Thursday, January 26, 2006

Telecommunications Regulation

For this week, a letter I just wrote to Congressman George Radanovich:

You're not personally my representative, but I just read at that you are on the committee that is tasked with rewriting our telecommunications laws. I have some ideas on the subject that I hope you might consider.

The problem in the existing market that I see is that the companies that own the lines are currently permitted to require that we buy, for example, local telephone service if we want DSL Internet access, or charge more for Cable Internet access if we do not also subscribe to Cable TV. There is also a dearth of wireless broadband options where I live; I don't know if this is due to economic realities or regulatory barriers to potential providers. If it is the former, I am patient, and recognize that it takes time and money to establish services. If it is the later, this is your opportunity to do something about it.

Ultimately, I would like to see a total separation of transmission and content, though I don't know if this is doable in the current round of regulatory revisions. What I mean is, I pay the "internet company" for access to the internet at large, and I pay *only* for that service--nothing else. Then, I can get telephone switching from any IP telephony company (for example), and/or I can get video content from any video multicaster, and/or I can subscribe to any service that requires a data connection between myself and a provider.

I'm not too concerned about price gouging at the "last mile." Certainly, at the moment, SBC and Comcast are the only (reasonably priced) broadband providers in the city of Fresno, but once PG&E gets into the action, that'll be a third option. Do what you can to remove regulatory burdens to the use of the electromagnetic spectrum (wireless) for data transmission. That will up the competition considerably, and should lower access prices. Whatever you do, put up as few barriers (zero, if possible) into getting into the the internet access business, by whatever data channel is available. I don't care if someone finds a way to use the sewer system to provide access; make it legal.

Another thing you might consider is requiring that service contracts state not what can be done with the transmission capacity, but HOW MUCH transmission capacity is being sold. This would open the market to such things as a subscriber opening his home wireless network to neighbors, for a fee or for free, as he sees fit. Note that this does not authorize the sharing of *content*; the cable company (or whoever) would still be free to say only one household is allowed to watch cable TV. However, my network is my network, and I should be allowed to permit access to whom I will; the Internet Company shouldn't be able to tell me what traffic, and whose, I am allowed to transmit on a connection I pay for. Make them sell personal bandwidth, not personal access.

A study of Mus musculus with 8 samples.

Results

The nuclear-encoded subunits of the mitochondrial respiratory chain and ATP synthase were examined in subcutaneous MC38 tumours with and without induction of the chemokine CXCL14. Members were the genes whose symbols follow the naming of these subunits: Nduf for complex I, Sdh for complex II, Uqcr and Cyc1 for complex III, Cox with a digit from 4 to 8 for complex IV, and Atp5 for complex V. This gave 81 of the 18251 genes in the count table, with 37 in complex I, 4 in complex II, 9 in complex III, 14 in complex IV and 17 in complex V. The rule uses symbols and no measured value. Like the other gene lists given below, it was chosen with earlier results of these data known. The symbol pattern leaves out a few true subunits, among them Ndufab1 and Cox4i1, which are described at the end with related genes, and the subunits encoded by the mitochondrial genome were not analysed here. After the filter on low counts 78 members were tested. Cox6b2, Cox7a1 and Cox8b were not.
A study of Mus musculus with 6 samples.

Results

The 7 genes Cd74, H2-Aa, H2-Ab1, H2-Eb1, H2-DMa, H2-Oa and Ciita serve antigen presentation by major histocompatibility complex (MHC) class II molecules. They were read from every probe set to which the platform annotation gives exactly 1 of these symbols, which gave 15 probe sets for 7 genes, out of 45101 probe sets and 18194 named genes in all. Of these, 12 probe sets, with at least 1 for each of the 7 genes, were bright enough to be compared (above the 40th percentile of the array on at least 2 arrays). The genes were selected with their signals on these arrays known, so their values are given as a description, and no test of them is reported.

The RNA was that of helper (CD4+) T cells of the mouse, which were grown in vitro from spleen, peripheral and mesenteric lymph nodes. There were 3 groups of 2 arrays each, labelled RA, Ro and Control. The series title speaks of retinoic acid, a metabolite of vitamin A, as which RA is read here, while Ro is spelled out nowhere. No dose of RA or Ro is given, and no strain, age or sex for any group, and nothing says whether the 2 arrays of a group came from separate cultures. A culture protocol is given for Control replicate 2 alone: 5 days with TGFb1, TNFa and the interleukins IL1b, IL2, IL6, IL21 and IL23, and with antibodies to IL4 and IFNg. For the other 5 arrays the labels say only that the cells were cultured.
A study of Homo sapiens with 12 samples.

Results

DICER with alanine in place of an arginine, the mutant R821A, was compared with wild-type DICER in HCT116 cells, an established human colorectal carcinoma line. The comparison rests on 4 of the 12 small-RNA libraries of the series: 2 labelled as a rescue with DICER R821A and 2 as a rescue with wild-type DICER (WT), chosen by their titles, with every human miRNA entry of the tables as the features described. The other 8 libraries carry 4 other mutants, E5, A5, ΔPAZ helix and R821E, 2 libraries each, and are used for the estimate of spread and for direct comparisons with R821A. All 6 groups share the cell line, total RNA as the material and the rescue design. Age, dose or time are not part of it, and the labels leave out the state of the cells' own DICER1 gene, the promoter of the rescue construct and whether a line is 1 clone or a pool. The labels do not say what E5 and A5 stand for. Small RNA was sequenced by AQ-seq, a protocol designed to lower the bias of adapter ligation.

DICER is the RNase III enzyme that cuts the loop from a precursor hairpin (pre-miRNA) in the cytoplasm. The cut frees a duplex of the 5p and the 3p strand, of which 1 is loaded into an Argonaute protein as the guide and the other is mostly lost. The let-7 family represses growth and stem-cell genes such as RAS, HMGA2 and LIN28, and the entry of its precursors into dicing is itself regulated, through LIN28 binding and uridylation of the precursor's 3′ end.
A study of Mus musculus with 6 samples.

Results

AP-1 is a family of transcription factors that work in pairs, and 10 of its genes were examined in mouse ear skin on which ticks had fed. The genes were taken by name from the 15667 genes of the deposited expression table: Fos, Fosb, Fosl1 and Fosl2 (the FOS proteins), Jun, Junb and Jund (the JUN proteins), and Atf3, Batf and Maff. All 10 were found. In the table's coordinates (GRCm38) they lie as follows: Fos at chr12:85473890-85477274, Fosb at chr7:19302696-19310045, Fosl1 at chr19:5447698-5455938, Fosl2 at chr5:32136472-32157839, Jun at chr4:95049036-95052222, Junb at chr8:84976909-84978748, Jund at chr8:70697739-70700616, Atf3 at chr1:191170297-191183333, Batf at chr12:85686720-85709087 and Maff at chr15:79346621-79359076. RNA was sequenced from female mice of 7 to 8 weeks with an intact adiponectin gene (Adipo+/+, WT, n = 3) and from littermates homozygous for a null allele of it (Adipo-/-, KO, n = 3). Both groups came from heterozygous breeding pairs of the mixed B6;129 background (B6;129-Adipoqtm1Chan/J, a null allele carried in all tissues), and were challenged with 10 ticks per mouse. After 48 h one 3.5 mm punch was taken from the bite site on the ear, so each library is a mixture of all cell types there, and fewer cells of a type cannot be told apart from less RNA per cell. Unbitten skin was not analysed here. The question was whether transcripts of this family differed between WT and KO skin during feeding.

A third thing I would like to see is the Internet hosting two different levels of data transmission service. Basic TCP/IP would be carried along the fastest path it can find for no price other than an access fee. Then there should be a second level of service, a "preferred traffic" level of service. This would be a service that could find a path of guaranteed bandwidth from point A to point B. The sender would pay extra for the guarantee, according to how the owner of each line prices preferred traffic. A protocol could be developed to allow the sender to search for the cheapest path that'll get the job done, and combine the billing via his access company.

This would open the content provision market wide open, while still keeping basic services like E-mail and web cheap. Presently, transmission of high bandwidth content (video, for example) is limited by the amount of traffic on the internet, and there is no differentation in importance between one packet and another. Basically, it's SLOW. By allowing people to pay extra for guaranteed on-time delivery of packets, those that needed extra bandwidth (such as video providers) could pay for it, passing on the expense to their customers, while still keeping basic TCP/IP service cheap.

The profits derived from preferred traffic could then be used increasing the amount of bandwidth available, which is good for everybody involved.

Whatever you do in this round of revisions, operate under the assumption of liberty. Minimize the amount of government regulation, while keeping in mind the fact that a private monopoly (particularly a government protected one) has as much power to trample liberty as a government does. Try to maximize the freedom of all the people: those who own the lines and provide access, their customers, and those that choose not to participate.